The Chosen, by Chaim Potok
A newly-formed book club I'm joining picked The Chosen as one of the first books we'll read. I was happy, because it's on my CC list even though I know just about nothing about Chaim Potok. When I started it, and it spends 30 pages on a baseball game, I was pretty trepidatious about the whole thing, but my husband said he had really liked it in high school, so I kept reading and pretty soon I was hooked. I really enjoyed this book a lot.
The story starts in 1944, just as D-Day and the invasion of Europe is starting. It's narrated by Reuven, an Orthodox Jewish teenage boy--he meets up with Danny, who seems at first to be destined to be his arch-enemy. Danny is Hasidic, and a baseball game between their two teams turns ugly. Reuven winds up in the hospital, and that's where he and Danny begin a friendship that they both need--but Danny most of all.
The amount of studying these boys do is phenomenal. They both work really hard all the time at their studies, and Danny is a true genius. His future is completely mapped out for him; as the older son of his community's leader, he is expected to take his father's place. Reuven, however, cannot understand Danny's relationship with his father at all. Reuven and his own father are very close--they study and talk together all the time--and in some ways Reuven's father takes on that role with Danny, too. Then, as news of the Holocaust begins to come out of Europe, and the Zionist movement gains momentum, things get more complicated.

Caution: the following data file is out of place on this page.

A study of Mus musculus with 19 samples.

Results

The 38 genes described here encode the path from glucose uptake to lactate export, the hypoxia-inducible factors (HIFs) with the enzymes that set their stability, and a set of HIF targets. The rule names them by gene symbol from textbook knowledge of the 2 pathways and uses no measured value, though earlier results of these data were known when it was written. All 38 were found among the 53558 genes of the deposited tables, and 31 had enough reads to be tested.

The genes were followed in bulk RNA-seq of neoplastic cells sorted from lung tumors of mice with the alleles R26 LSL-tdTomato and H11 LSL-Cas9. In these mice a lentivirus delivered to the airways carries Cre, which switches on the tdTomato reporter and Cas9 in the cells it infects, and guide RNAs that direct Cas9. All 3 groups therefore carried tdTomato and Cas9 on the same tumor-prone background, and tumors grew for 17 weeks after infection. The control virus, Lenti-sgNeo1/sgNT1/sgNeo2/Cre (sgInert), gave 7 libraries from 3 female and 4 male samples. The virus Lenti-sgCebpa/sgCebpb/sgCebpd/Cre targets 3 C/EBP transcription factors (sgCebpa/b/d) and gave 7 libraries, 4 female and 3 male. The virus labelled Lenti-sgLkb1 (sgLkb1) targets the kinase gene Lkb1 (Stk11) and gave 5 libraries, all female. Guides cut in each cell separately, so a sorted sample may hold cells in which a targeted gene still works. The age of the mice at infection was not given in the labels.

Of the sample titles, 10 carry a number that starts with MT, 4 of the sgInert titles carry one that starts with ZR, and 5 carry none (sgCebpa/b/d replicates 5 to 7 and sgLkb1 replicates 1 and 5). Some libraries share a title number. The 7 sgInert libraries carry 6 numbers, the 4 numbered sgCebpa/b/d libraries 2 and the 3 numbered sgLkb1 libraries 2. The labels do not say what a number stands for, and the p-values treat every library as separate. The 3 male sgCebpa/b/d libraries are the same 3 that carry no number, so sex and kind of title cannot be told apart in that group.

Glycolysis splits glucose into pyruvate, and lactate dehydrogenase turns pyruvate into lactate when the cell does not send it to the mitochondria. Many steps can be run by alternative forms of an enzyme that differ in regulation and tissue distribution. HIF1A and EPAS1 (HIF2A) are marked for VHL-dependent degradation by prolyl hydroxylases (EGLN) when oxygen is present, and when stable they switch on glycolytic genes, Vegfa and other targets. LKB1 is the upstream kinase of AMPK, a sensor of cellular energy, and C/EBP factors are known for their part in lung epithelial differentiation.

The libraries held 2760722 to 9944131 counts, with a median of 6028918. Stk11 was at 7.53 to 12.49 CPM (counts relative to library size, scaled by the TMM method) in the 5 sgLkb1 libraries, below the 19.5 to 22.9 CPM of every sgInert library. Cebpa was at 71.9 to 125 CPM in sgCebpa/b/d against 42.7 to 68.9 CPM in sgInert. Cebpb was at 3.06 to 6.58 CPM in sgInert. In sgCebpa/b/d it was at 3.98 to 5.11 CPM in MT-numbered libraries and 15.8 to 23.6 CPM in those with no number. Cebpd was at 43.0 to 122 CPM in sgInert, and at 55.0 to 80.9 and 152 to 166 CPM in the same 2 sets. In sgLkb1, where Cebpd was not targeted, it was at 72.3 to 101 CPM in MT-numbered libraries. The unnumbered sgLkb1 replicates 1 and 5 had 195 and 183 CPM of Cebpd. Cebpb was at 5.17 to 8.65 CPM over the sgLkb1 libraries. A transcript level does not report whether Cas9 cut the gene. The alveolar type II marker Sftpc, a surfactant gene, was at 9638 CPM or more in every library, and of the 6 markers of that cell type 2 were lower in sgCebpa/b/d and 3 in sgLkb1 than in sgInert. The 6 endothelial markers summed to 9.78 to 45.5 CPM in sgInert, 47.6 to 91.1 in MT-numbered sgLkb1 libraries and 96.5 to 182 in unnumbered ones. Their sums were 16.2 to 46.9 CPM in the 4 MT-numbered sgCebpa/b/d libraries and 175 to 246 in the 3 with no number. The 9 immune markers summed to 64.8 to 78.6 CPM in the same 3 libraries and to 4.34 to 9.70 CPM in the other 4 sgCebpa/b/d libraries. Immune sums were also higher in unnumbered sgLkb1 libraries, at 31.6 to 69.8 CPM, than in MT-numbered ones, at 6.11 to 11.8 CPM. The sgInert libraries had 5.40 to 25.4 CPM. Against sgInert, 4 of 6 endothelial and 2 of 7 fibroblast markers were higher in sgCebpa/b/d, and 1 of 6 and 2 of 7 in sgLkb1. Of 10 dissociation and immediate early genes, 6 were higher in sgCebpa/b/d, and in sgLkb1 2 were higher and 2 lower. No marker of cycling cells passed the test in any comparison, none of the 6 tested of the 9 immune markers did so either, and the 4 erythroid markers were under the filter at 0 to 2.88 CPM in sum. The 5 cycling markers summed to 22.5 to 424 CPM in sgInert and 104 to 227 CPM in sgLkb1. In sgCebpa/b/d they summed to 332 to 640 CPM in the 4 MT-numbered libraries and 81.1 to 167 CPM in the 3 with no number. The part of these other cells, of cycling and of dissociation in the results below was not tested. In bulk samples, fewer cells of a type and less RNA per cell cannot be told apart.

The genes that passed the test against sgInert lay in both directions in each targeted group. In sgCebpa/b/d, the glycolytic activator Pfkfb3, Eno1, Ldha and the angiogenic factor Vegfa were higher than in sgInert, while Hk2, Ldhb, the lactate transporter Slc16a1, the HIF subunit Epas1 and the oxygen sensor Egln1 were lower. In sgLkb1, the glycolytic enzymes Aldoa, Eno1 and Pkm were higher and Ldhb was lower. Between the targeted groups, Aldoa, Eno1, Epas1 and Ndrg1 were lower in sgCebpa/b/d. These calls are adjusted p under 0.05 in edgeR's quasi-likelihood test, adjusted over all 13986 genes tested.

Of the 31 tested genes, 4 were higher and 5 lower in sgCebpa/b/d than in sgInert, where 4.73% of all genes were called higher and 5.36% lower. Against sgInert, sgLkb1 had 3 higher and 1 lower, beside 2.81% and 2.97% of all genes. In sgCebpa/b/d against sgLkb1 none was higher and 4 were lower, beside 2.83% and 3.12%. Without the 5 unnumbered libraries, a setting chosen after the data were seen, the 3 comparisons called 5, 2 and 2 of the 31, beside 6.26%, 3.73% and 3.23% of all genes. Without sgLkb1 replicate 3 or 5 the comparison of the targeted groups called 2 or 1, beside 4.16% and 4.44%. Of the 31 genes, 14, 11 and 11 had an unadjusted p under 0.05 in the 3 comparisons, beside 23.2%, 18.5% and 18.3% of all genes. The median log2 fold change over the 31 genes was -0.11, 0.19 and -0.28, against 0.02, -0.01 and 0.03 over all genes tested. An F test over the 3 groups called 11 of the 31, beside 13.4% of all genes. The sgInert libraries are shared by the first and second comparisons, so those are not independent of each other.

This is a truly great novel about fathers and sons and love. And, unlike much of the material I've been reading recently, it was not unremittingly tragic! So that was nice for me. I would really like to read more Potok now, and I'm happy to have found a new author to love. Book club is tonight!
I have lots more books to tell you about, and I'm still enjoying In the First Circle too, so more posts soon.